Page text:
When tennis powerhouse Serena Williams recently announced she was pregnant, commentators marveled at her Australia Open win in January, when she was eight weeks along – a time many women are dealing with overpowering fatigue and nausea.
That revelation has inspired pregnant athletes of all types, and has also raised questions, especially for runners and joggers. Running is one of the most common sports for recreational athletes, with more than 17 million Americans completing a running event in 2015.
In honor of Global Running Day on June 7, Susan M. Joy, MD, co-director of the Kaiser Permanente Sports Medicine Center in Sacramento, provides guidance – what pregnant runners can do, what they should watch for, and if they can indeed go the extra mile.
What exercise guidelines should pregnant runners follow?
For decades, pregnant women were told to take it easy. Truth is, during an otherwise normal pregnancy, it is far more problematic for both a mother and her unborn child if she is inactive, gains unnecessary weight and/or develops gestational diabetes than if she continues a smart training and running program.
In general, sports medicine experts recommend that an active runner with no pregnancy-related complications can continue to run during pregnancy, though they should not exceed the intensity of their pre-pregnancy activity. That said, it’s not necessarily the best time to push for a personal best or to start running.
Theoretically, intense exercise could divert blood flow to the working muscles and away from the placenta, which could adversely affect the developing fetus. However, many women have competed in runs late into pregnancy with no adverse outcomes, leading some to question the degree of potential danger.
It is very important for a woman to discuss her exercise habits with her OB/GYN at the start of (or even with her primary physician prior to) the pregnancy.
What physical changes should pregnant runners expect?
Pregnant runners need to be aware of several physiological changes.
With weight gain and a growing uterus, it can feel essentially like running with a bowling ball and thus affect mechanics or alter the body’s center of gravity. This may affect gait and posture and thus could lead to injury, like low back pain, by overloading different areas not accustomed to the changing movement patterns.
Later in pregnancy, the body sees an increase in relaxin, a hormone with effects like it sounds, to help relax tissue and prepare the body for delivery. This has been implicated as a possible risk factor for injury during pregnancy, but thankfully not generally a reason to stop running. Pregnant runners should rather pay attention to their gait patterns and stay attuned to any changes.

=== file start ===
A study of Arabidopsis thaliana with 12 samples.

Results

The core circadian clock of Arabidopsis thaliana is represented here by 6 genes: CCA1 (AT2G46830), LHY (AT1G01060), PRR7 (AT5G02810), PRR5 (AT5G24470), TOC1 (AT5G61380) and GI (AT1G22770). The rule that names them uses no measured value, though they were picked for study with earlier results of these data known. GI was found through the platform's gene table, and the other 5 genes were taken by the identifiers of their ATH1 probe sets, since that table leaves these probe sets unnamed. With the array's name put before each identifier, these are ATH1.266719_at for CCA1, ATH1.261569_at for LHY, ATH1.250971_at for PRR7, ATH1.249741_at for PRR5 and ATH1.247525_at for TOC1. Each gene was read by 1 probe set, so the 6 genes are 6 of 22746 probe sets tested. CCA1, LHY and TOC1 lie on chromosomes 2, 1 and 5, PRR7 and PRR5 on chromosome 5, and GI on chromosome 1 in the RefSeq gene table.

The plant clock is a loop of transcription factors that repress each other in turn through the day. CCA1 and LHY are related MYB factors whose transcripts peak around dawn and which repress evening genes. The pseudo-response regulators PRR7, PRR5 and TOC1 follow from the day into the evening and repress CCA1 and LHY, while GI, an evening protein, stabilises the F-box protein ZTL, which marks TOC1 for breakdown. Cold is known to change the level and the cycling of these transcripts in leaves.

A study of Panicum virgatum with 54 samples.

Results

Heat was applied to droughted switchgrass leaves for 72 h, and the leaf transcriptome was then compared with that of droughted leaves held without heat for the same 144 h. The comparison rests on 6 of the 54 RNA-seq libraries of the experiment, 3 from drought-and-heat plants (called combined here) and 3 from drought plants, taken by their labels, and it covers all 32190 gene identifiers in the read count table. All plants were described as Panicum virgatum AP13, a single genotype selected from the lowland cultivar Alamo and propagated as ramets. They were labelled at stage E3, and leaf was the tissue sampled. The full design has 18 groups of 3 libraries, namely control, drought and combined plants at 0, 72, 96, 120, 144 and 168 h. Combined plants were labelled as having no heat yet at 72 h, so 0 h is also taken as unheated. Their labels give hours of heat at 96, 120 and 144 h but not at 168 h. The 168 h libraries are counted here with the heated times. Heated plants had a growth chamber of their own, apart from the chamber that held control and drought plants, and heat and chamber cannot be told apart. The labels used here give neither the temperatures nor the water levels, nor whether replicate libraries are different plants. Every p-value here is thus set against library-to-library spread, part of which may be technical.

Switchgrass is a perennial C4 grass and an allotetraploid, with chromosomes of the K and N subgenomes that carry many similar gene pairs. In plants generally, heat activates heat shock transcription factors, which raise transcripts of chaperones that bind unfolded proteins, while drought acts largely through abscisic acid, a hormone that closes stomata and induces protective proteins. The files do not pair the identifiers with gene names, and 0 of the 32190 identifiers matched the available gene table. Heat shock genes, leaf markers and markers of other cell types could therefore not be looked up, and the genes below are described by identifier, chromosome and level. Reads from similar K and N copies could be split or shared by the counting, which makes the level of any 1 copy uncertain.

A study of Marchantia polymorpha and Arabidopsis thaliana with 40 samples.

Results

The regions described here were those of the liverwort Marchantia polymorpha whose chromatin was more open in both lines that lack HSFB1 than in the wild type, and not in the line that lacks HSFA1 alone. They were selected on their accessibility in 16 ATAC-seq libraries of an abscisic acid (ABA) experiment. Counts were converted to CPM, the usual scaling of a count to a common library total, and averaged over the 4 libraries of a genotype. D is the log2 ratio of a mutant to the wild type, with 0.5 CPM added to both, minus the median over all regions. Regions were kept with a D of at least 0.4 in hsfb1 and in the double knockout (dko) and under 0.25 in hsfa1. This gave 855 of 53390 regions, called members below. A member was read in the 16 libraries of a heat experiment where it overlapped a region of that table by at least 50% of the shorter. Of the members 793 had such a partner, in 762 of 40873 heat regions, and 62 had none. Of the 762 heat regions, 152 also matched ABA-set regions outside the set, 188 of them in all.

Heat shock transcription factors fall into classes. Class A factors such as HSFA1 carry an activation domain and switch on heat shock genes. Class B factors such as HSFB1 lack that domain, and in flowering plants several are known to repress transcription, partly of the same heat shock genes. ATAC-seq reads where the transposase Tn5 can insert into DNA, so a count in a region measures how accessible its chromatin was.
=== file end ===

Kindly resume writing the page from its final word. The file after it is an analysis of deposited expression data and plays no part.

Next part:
Stress-fracture risk increases after pregnancy while nursing due to temporary changes in bone metabolism. Thankfully the lowered bone mass during nursing is reversible once the mom stops nursing.
Should women consider limiting their heart rate?
There used to be recommendations for pregnant women to keep their heart rate lower than 140 beats per minute while exercising. However, there is really no data to support that restriction. If a woman is a fit runner prior to pregnancy, she can certainly start out with the same zones during an uncomplicated pregnancy. At times, some women have to alter their training zones for comfort later in pregnancy. At more moderate levels of training, the “talk test” is a helpful one for monitoring intensity. If a woman is able to run while carrying on a casual conversation, she is exercising at an appropriate level.
Thoughts on training for long distance while pregnant?
The question of whether to train for longer races while pregnant starts with one’s pre-pregnancy training. A “seasoned’ runner experienced with that training could plan to race while pregnant.
However, the reality for most women is that the longer distance races become more difficult as the pregnancy progresses, no matter how savvy the runner.
Also, heat and hydration need to be very carefully considered for longer distance runs as the developing fetus is depending upon the mother’s temperature regulation and circulating blood volume. Similarly, altitude effects can be magnified during pregnancy so women need to take that into consideration as well.
Generally, a woman with an uncomplicated pregnancy can continue with her pre-pregnancy running program after discussing any necessary modifications with her OB/GYN. Staying active in that case is far better for both the mother and her developing child.